Edmund Fitzgerald Leaves Duluth/Superior, Sinks November 10, 1975
It inspired a song, it was the pride of the Twin Ports. It was the largest freshwater ship to sail Lake Superior, now the folklore captures the world's imagination.
First, I want to say I'm sorry to the families that lost fathers, husbands, sons, brothers, and uncles on the voyage. It must be hard to hear the song and story every year about this time and have to deal with the grief over and over.
Gordon Lightfoot wrote a song about the ship. Dave Strandberg of the former WAKX in Duluth was the first one to play the song. He is Canadian so he was close to the sinking and knew the power of the lake. He also once worked at the shipwards. I had seen this on a talk show I watched when the song became popular.
The ssedundfitzgerald.org says it was 729 feet long, which I remember was the longest ship on Lake Superior. It was christened in 1958. The Fitz left the Duluth port during a storm with the Arthur M. Anderson right behind it. The Anderson would play a key role later in the story.
The website goes on to say the Fitzgerald kept communication with the Arthur M. Anderson, saying they might have taken a little water. There are stories that there is the "Three Sisters Wave" that might have hit the boat and wounded it enough to take on water. This story is pure folklore. There is a legend of three waves that renders ships on the Lake handicapped and eventually lose to the water and sink.
Another theory is that Fitz may have run aground on a sandbar that started the leaking and eventually pulled the huge ship under. The Edmund Fitzgerald website says Captain McSorely was one of the most experienced captains on the fleet and when radioing to the Anderson he said "We are holding our own".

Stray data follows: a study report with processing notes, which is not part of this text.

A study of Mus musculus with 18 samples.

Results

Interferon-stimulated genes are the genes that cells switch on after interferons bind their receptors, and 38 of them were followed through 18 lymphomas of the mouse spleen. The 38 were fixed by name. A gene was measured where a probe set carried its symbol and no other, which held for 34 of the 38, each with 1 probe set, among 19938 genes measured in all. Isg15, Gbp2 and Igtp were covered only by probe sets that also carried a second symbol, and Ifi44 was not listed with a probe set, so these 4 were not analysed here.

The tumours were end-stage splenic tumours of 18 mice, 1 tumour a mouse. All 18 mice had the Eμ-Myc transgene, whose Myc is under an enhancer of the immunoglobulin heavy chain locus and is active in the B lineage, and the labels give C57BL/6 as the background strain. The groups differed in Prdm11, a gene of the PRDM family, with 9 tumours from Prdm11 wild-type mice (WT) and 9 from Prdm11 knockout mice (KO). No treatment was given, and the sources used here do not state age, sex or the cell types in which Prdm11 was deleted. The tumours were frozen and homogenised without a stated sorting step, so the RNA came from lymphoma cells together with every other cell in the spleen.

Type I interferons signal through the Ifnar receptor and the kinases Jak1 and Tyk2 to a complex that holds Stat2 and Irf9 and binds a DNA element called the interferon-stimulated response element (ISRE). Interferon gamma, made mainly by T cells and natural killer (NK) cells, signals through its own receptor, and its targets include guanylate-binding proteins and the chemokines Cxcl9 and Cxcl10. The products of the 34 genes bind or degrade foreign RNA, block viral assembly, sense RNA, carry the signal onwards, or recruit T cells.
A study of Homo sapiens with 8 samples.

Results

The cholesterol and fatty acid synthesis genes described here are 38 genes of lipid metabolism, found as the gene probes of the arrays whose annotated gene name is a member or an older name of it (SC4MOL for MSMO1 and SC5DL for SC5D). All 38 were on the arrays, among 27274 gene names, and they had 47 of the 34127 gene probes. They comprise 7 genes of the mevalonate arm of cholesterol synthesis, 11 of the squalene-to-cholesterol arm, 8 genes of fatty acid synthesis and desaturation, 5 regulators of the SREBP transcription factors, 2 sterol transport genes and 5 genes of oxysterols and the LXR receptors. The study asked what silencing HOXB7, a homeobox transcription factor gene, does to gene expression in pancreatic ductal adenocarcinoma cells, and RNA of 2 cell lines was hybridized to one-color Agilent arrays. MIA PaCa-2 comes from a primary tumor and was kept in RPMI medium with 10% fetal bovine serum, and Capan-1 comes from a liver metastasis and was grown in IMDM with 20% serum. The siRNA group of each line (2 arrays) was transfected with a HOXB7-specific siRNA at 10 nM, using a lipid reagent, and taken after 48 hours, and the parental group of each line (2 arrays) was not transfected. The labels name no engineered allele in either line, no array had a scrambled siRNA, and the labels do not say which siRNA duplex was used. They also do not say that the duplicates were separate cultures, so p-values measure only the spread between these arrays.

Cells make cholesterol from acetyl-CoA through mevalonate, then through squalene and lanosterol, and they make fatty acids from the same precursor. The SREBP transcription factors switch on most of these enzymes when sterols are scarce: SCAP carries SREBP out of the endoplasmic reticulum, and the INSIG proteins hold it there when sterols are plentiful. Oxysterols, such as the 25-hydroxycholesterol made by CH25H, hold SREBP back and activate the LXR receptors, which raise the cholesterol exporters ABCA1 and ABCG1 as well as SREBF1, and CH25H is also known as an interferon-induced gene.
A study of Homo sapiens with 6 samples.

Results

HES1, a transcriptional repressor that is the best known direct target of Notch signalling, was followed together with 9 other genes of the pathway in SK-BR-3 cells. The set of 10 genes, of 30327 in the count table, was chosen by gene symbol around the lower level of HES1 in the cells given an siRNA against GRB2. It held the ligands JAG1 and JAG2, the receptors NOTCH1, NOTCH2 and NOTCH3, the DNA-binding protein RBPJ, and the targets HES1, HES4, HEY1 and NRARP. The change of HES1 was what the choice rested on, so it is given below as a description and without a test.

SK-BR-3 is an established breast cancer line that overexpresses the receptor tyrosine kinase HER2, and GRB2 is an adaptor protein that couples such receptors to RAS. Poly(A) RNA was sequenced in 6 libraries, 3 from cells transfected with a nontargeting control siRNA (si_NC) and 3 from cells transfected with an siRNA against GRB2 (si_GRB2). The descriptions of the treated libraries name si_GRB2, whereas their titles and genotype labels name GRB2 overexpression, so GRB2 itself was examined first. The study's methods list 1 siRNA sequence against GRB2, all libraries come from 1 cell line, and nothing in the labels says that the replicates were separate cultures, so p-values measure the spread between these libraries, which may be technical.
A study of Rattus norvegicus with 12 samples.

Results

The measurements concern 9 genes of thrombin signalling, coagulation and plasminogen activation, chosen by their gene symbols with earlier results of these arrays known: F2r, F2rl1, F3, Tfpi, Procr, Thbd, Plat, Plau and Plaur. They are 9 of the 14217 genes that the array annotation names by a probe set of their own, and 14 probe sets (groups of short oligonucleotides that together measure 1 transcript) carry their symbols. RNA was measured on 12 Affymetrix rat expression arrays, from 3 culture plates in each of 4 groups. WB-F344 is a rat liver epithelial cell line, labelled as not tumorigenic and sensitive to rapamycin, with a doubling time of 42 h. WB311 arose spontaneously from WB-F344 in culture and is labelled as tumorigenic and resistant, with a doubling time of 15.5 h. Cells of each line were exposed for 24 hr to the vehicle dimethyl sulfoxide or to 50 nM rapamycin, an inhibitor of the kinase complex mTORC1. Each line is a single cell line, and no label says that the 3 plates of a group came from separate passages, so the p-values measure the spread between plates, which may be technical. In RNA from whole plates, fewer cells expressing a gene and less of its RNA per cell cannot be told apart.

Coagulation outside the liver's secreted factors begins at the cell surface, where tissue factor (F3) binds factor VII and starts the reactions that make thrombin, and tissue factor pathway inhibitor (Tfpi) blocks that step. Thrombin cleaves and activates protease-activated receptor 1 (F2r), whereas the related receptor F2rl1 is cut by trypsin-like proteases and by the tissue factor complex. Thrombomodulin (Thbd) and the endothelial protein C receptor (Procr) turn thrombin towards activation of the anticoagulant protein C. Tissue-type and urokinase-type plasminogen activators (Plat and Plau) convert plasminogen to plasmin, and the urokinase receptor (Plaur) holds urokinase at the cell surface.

According to the Discovery Channel presentation below, the water pumps were broken, so as Edmund Fitzgerald took on water, it couldn't get rid of the water fast enough. The water smashed the lifeboats and kept pounding the ship when it finally took out the radar. The Fitzgerald wires the Anderson to find out where they are.
The video goes on to say once the Edmund Fitzgerald disappeared from the radar. The Anderson wired the Coast Gaurd, and they don't have any ships to search. Arthur M Anderson is asked to join in the search. They became the lead ship, and once they found the broken lifeboats and life preservers, they turned around and went in to dock and get out of the storm.
Expeditions have gone down and retrieved the ship's bell and replaced it with one that has all 29 sailors' names on it, marking it as a grave for the ship and all its men.